WASHINGTON—The Heritage Foundation announced today the creation of its new Center for Technology Policy, a public policy research center within Heritage’s highly esteemed Davis Institute for National Security and Foreign Policy. Leading this new center will be Klon Kitchen, who has served as senior research fellow for technology at Heritage since 2018.
The center’s mission will be simple: to provide the best insight and advice to policymakers and the American public on the most important technology policy issues of our day.
The Center for Technology Policy will formulate and promote conservative public policies on technology issues related to global technological competition and developments, national and homeland security, and impacts on domestic social, legal, and economic issues. As always, these policies will be based on the principles of free enterprise, limited government, individual freedom, traditional American values, and a strong national defense.
“With the rapid pace at which new technologies are becoming more integral to our lives, policymakers are seeking principled guidance and Heritage is prepared to fulfill this need with independent analysis and policy research,” said Heritage Foundation President Kay C. James.
“Heritage’s new Center for Technology Policy will be providing solutions for using emerging technologies to enhance America’s national security and economic well-being, on protecting the personal and financial data that private companies and governments collect on Americans, and on the types of guardrails needed to ensure that powerful tools like artificial intelligence are ethically used,” James added. “Throughout his time at Heritage, Klon Kitchen has served as one of the nation’s leading experts in the technology policy arena, and I am excited for what the future holds with him at the helm of this new center.”
James Carafano, vice president of the Davis Institute and E.W. Richardson fellow, had high praise for the new Center for Technology Policy and the work it would to strengthen Heritage’s leadership role.
“Technology is central to nearly every aspect of both our private lives and public policy,” Carafano said. “How we move forward in a world increasingly more reliant on technology will determine, in many ways, the character of our nation. This is even more true in the midst of our current fight against the coronavirus pandemic. There is no better leader for Heritage’s new center than Klon Kitchen. His leadership on these issues will make a difference for years to come.”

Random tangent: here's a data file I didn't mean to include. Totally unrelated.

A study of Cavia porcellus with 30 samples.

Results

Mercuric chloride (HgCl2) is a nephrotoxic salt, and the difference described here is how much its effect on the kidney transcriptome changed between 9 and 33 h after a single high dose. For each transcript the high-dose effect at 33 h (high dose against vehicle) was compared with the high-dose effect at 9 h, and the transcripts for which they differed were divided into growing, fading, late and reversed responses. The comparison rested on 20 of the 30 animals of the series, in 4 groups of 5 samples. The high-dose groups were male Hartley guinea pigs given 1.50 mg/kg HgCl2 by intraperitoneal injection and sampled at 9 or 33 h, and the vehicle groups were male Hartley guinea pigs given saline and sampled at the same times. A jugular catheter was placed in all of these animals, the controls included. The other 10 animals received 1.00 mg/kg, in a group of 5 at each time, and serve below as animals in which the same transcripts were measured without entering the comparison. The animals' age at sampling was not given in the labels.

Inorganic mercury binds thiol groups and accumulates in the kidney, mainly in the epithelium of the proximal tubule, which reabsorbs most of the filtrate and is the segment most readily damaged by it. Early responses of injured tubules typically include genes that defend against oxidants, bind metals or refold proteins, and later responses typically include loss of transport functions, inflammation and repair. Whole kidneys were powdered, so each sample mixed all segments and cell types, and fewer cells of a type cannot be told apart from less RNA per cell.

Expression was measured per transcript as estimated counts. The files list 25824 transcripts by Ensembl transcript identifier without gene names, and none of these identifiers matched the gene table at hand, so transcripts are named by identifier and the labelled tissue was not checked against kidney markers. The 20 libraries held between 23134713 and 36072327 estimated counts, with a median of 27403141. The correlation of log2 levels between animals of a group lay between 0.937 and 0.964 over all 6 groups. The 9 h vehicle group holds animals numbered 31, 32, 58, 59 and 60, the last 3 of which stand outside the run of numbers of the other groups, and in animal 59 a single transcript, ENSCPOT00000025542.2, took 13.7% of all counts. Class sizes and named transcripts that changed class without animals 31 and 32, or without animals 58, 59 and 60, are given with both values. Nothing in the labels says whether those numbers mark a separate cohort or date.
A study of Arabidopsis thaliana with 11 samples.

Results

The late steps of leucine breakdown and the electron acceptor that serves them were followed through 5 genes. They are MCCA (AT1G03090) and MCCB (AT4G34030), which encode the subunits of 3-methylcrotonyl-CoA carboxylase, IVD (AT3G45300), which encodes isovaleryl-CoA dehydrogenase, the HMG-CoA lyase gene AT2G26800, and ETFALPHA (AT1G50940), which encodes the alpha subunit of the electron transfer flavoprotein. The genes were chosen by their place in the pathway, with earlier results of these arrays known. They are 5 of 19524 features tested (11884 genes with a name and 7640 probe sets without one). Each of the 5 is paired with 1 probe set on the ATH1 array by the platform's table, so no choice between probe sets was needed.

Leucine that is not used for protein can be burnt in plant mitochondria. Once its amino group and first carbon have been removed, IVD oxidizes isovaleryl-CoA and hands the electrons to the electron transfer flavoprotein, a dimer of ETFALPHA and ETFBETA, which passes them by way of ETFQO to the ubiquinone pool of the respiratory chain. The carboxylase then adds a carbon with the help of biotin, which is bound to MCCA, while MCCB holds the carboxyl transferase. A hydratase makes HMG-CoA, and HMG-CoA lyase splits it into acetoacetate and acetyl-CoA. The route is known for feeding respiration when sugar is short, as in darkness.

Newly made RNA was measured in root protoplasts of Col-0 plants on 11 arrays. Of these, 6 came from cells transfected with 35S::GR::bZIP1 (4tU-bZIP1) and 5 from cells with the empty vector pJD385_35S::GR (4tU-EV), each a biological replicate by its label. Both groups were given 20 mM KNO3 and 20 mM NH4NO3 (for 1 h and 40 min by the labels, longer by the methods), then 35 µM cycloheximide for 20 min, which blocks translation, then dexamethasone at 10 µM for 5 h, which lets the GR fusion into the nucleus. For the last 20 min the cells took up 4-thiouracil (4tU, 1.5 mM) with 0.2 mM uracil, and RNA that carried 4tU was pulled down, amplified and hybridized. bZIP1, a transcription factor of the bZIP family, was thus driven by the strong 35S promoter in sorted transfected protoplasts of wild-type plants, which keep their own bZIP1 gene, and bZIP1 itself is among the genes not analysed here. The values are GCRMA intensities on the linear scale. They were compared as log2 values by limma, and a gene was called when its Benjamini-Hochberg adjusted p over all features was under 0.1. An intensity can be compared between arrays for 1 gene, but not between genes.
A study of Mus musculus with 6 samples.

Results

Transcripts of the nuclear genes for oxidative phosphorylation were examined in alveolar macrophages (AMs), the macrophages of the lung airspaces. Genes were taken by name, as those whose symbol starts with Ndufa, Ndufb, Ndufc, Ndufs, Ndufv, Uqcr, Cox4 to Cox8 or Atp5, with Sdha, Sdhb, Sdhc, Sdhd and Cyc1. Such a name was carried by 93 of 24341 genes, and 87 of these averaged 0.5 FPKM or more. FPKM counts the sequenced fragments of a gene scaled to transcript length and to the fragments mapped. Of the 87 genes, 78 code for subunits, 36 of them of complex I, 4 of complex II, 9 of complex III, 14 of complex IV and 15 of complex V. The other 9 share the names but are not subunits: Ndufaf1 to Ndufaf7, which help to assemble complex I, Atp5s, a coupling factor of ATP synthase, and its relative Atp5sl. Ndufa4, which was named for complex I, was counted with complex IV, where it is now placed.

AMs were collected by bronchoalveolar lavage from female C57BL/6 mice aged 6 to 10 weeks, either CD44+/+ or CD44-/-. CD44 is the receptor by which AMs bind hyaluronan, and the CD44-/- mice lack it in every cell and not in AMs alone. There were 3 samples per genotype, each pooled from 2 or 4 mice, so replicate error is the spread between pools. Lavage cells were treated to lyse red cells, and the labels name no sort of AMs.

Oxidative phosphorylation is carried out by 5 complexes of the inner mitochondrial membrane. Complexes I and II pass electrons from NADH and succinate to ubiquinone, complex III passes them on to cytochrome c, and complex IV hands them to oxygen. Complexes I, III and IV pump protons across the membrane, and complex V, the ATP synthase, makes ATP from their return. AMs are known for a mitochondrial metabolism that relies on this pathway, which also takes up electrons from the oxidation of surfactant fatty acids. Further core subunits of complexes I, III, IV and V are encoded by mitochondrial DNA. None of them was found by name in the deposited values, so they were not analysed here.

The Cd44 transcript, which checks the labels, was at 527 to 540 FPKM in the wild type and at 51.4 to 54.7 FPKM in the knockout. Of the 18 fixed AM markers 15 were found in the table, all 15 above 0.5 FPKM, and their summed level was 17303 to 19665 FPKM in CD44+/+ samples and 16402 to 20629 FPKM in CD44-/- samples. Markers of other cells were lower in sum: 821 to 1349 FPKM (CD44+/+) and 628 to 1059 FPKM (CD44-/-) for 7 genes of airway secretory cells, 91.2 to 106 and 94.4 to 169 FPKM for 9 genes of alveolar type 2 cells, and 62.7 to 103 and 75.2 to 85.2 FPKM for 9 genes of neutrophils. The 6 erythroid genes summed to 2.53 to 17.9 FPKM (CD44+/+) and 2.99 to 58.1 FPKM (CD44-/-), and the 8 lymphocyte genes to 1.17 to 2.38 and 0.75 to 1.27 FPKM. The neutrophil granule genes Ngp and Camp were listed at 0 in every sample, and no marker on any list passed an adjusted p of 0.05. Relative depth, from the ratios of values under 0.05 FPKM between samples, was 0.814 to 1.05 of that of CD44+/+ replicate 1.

Prior to joining Heritage, Kitchen was national security advisor to U.S. Sen. Ben Sasse of Nebraska and also the staff director of the National Security and International Trade and Finance Subcommittee for the Senate Committee on Banking, Housing, and Urban Affairs. In these roles, Kitchen served as Sasse’s primary foreign policy and national security advisor, he managed and mentored the senator’s foreign policy and defense staff, and he guided the execution of key legislative priorities.
Since joining Heritage in 2018, Kitchen has written and spoken about the most important technology issues, including research on international cybersecurity, artificial intelligence, and social media. He has helped shape public opinion on Huawei, which he has called an extension of the Chinese government and a part of Beijing’s explicit “civil-military fusion” strategy, where government and industry work together to expand the power and influence of the Chinese Communist Party (CCP).
Kitchen expressed eagerness to get started as the Center for Technology Policy’s first director.
“It is a privilege to be given this opportunity and responsibility,” Kitchen said. “We are committed to building a world-class policy effort that enables government, industry, and civil society to better understand and engage the technologies shaping our lives and society.”
The Heritage Foundation is the nation’s most broadly supported public policy research institute, with more than a half-million members. Founded in 1973, it develops and promotes public policy solutions that advance free enterprise, limited government, individual freedom, traditional values and a strong national defense. Heritage does not support policies that deviate from these principles, nor are our recommendations ever influenced by donations or outside political pressure.